The British Defense Staff, led by General Sir David Richards, is in Washington, DC for strategic discussions with their counterpart, the Joint Chiefs of Staff including its chairman, General Martin Dempsey. The U.S. and the UK consult on defense issues all the time. This is a reflection of the so-called “special relationship” that has endured for nearly 70 years. The need for close consultations is also a function of ongoing collaboration on a number of military programs vital to both countries’ modernization plans, chief among them the F-35 Joint Strike Fighter. UK defense companies play a significant role in supporting the U.S. military; BAE Systems is the single largest provider of overhaul and maintenance support to the U.S. Navy.
But this is the first of its kind “all hands” meeting in decades, possibly going back as far as the famous Casablanca Conference in January, 1943. That meeting, attended by President Roosevelt and Prime Minister Churchill as well as all the great wartime military leaders from both countries, established the strategy that the two nations pursued for the remainder of World War Two. During what sometimes became heated even rancorous discussions the two nations decided on a policy of unconditional surrender, a strategy of Europe first and then the Far East, a sequential approach to attacking Axis-controlled Europe beginning in the Mediterranean, a coordinated effort in the Atlantic to defeat the U-boat threat and the outlines of the strategic bombing campaign against both Germany and Japan. The Casablanca Conference resulted too in the creation of the Combined Chiefs of Staff, the planning entity that directed the deployment and employment of U.S., UK and Western forces for the remainder of the war.
If there were ever a time for a new Casablanca Conference, this is it. The British military has been forced by ever-tightening budgets to shrink to a mere shadow of its former self. With careful planning and a willingness to make radical cuts where necessary, the British Minister of Defense and Defense Staffs have managed, but just barely, to retain critical capabilities for land, sea and air warfare. If there were ever a military that has demonstrated, not once but repeatedly, its ability to “punch above its weight,” it is the United Kingdom’s.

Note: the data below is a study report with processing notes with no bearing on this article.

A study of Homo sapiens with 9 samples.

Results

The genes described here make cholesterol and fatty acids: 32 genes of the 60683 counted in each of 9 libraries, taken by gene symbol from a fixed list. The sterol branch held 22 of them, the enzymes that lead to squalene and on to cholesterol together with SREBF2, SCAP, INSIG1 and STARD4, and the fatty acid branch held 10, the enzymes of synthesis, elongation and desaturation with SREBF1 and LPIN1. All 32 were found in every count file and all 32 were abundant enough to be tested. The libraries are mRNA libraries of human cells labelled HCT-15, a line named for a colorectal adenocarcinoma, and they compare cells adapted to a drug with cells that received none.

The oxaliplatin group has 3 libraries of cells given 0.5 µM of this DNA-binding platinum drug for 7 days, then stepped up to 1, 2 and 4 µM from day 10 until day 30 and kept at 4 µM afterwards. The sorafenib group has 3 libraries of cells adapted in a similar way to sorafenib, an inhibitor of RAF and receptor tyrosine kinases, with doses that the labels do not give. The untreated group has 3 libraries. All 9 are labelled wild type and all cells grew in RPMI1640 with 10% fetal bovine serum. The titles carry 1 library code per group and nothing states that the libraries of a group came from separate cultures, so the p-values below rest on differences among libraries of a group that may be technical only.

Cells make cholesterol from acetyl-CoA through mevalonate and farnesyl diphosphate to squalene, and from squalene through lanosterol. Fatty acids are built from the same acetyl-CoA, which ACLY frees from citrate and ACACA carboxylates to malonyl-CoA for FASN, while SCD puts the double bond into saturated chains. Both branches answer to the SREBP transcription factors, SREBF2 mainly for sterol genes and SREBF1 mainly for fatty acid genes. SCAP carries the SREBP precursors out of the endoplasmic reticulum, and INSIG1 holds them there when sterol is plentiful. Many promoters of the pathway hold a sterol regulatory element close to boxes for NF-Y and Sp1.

The Defense Staff is coming to the U.S. at a time when the Department of Defense is just beginning down the path the British MoD has been traveling for more than a decade. There are a number of lessons that U.S. defense planners, both civilians and those in uniform could learn from the British experience. One lesson is the difficulty of reacquiring critical skills once they are abandoned, even temporarily. This was what happened to the Royal Navy when it attempted to design a new nuclear attack submarine, the Astute class. Another lesson is the need to get out of businesses better performed at a reduced cost by the private sector. The MoD has pioneered the use of long-term performance-based logistics (PBL) contracts. Boeing won a 25-year system level PBL contract to maintain all the UK’s CH-47 Chinook helicopters. The MoD privatized most of its national Defense Evaluation and Research Agency, now the very successful international company, Qinetiq. A third lesson is the importance of cutting administrative overhead, particularly personnel. OSD and the defense agencies have ballooned to some 250,000 uniform and civilian personnel, a ridiculous number.
The most important lesson the U.S. can learn from the British experience in downsizing is that it is possible to get too small. The British Armed Forces today are no longer capable of conducting even a Falklands-like campaign on its own. General Richards has publicly acknowledged that the UK will have to rely on others in operations of any significance. The problem is that most of Britain’s European allies are cutting their defenses. London’s efforts to forge a defense pact with Paris may be rendered moot by France’s new plan to reduce its defense sending and military forces. That leaves Britain looking across the Atlantic for an ally.
Unfortunately, when the Defense Staff meets with the Joint Staff our British friends will discover their American counterparts are floundering in the face of deep budget cuts. Rather than accepting the necessity of having to do less with less, the U.S. military continues to look for new missions to justify holding the force structure. I would love to hear General Dempsey explain how the Pentagon intends to implement the pivot to Asia-Pacific and deal with an increasingly belligerent North Korea while the services are parking ships, planes and vehicles for lack of maintenance or training dollars.
The first Casablanca Conference marked the beginning of a 70-year-long partnership that was instrumental in winning both World War Two and the Cold War. This new Casablanca Conference could well mark the beginning of its end.